Dr. Kildare: 1962

Dr. Kildare: 1962

1962. "Richard Chamberlain at MGM Studios, Los Angeles, filming scene for his TV show, Dr. Kildare." Photo by Earl Theisen for Look magazine. View full size.

R-R

A Rolls-Royce Silver Cloud is in the background parked (?) over the curb. Since the exhaust exits under the left rear fender let's hope they parked carefully, or they will have quite a repair bill.

The Girls In School

I was in elementary school at the time this show was on television. Most of the girls in my class were in love with Dr Kildare. They would carry around b&w trading style cards of him and Dr Ben Casey.

Arri 2C

The camera is an Arriflex 2C designed as a handheld camera during WWII for the German army. You can see the motor/hand grip where the wire plugs in. It is sitting in an Arri cradle which turned it into a stationary camera that could be mounted on a tripod or other mounting device. Another poster commented it is not blimped or quiet, when running they made a sound like a loud coffee grinder. It was the first through the lens rotating mirror reflex motion picture camera, a design that is the basis of all modern motion picture cameras. It was used extensively by Leni Riefenstahl for filming Triumph Of The Will.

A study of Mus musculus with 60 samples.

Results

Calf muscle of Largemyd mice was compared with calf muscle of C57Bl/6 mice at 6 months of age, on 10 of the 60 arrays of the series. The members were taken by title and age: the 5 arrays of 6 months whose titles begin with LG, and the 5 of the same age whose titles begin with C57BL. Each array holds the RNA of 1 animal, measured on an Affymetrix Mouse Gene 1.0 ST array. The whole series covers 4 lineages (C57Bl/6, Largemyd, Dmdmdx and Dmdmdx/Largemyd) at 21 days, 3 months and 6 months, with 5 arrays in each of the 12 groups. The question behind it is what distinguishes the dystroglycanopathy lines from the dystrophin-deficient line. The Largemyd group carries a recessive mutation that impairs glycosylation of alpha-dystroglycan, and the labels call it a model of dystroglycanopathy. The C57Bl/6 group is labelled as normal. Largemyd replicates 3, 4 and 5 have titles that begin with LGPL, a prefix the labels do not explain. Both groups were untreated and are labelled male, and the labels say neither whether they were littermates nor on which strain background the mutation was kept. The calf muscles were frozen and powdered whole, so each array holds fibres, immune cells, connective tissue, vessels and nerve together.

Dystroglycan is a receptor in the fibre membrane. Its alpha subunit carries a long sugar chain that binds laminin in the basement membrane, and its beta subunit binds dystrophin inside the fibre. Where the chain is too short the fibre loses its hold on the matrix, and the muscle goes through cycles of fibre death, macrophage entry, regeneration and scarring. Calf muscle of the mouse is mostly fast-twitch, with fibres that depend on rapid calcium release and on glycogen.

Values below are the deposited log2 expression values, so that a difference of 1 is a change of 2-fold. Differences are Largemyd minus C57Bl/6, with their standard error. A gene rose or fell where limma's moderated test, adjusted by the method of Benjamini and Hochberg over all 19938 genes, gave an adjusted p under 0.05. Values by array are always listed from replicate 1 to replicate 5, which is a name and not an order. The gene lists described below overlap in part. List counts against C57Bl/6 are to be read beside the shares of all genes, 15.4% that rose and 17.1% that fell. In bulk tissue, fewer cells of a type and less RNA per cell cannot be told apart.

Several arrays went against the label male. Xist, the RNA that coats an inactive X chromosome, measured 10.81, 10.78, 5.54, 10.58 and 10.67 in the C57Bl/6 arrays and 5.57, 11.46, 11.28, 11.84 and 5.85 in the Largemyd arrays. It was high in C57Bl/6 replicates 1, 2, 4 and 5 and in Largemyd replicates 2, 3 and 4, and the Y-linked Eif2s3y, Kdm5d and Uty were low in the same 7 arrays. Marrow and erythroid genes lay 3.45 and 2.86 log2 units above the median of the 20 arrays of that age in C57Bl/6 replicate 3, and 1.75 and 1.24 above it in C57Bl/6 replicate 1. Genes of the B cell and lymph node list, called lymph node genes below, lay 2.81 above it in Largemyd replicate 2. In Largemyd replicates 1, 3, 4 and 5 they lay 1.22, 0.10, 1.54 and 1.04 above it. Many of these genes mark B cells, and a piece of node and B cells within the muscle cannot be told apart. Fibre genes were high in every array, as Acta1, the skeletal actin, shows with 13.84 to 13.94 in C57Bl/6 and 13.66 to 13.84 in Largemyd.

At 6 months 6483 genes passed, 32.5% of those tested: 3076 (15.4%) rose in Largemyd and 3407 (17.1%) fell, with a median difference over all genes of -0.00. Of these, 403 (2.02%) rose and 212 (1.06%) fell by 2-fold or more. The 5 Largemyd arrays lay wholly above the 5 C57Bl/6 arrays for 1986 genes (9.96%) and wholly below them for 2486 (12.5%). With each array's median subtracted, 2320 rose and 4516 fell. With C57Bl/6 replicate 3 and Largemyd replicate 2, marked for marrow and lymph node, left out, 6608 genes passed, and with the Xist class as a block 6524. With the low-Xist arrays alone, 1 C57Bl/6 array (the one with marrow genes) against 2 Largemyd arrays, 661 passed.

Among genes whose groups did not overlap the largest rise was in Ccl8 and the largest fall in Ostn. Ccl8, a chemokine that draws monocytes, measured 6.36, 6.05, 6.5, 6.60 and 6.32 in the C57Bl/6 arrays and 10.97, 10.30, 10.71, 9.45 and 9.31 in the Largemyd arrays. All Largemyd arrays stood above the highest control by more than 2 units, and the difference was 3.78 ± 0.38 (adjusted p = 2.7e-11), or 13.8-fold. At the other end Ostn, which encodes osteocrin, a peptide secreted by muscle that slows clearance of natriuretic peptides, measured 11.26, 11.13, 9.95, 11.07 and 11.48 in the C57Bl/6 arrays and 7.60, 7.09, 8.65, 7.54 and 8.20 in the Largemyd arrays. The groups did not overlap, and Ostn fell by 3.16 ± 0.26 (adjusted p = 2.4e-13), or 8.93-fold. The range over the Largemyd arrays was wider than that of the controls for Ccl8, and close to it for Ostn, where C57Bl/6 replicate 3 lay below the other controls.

Arriflex II brilliant with one flaw

Yup, that's an old Arriflex II model. It was less than half the size and maybe 1/3 the weight of any other truly professional 35mm camera in use at the time. It was revolutionary because it brought the idea of highly mobile and even handheld camera use to movie production.

It would have conquered Hollywood except for one thing: it lacked the super-steady pin registration scheme found in larger studio cameras so there was sometimes a subtle image bobble visible on screen, similar to what you see in home movies. No big deal for shots like this, but it was sometimes obvious with tripod mounted footage. In general, shots from this camera could not be used in post production optical work such as titles or credits superimposed over running footage which emphasize the not perfectly steady image.

But there is no denying that modern camera technique owes much to this little camera.

Anyone seen

Anyone seen where I put the darn Gaffer Tape?

Unblimped Arri

It's an Arri all right, but notice that it's not blimped. The sound for this scene therefore was presumably dubbed. Also, note the handy-dandy suction cups anchoring the camera rig. The magazine width indicates 35mm, a minimum negative size by the '60s as television was getting much sharper and needed the better resolution--a far cry from the good ol' days of 16mm and kinescope, and similar, at that time, to the jump we've seen from "standard" to HDTV.

I don't know what it is Marg

it wasn't there when we went in.

Arriflex

The camera is an Arriflex. Sturdy

Love The Tape Storage

For errant wires no doubt.

10-K

I had my first crush on Dr. Kildare when I was 12. You either liked Dr. Kildare or Ben Casey.

Had one

1962 Dodge Dart 440. Mine was a sedan, however.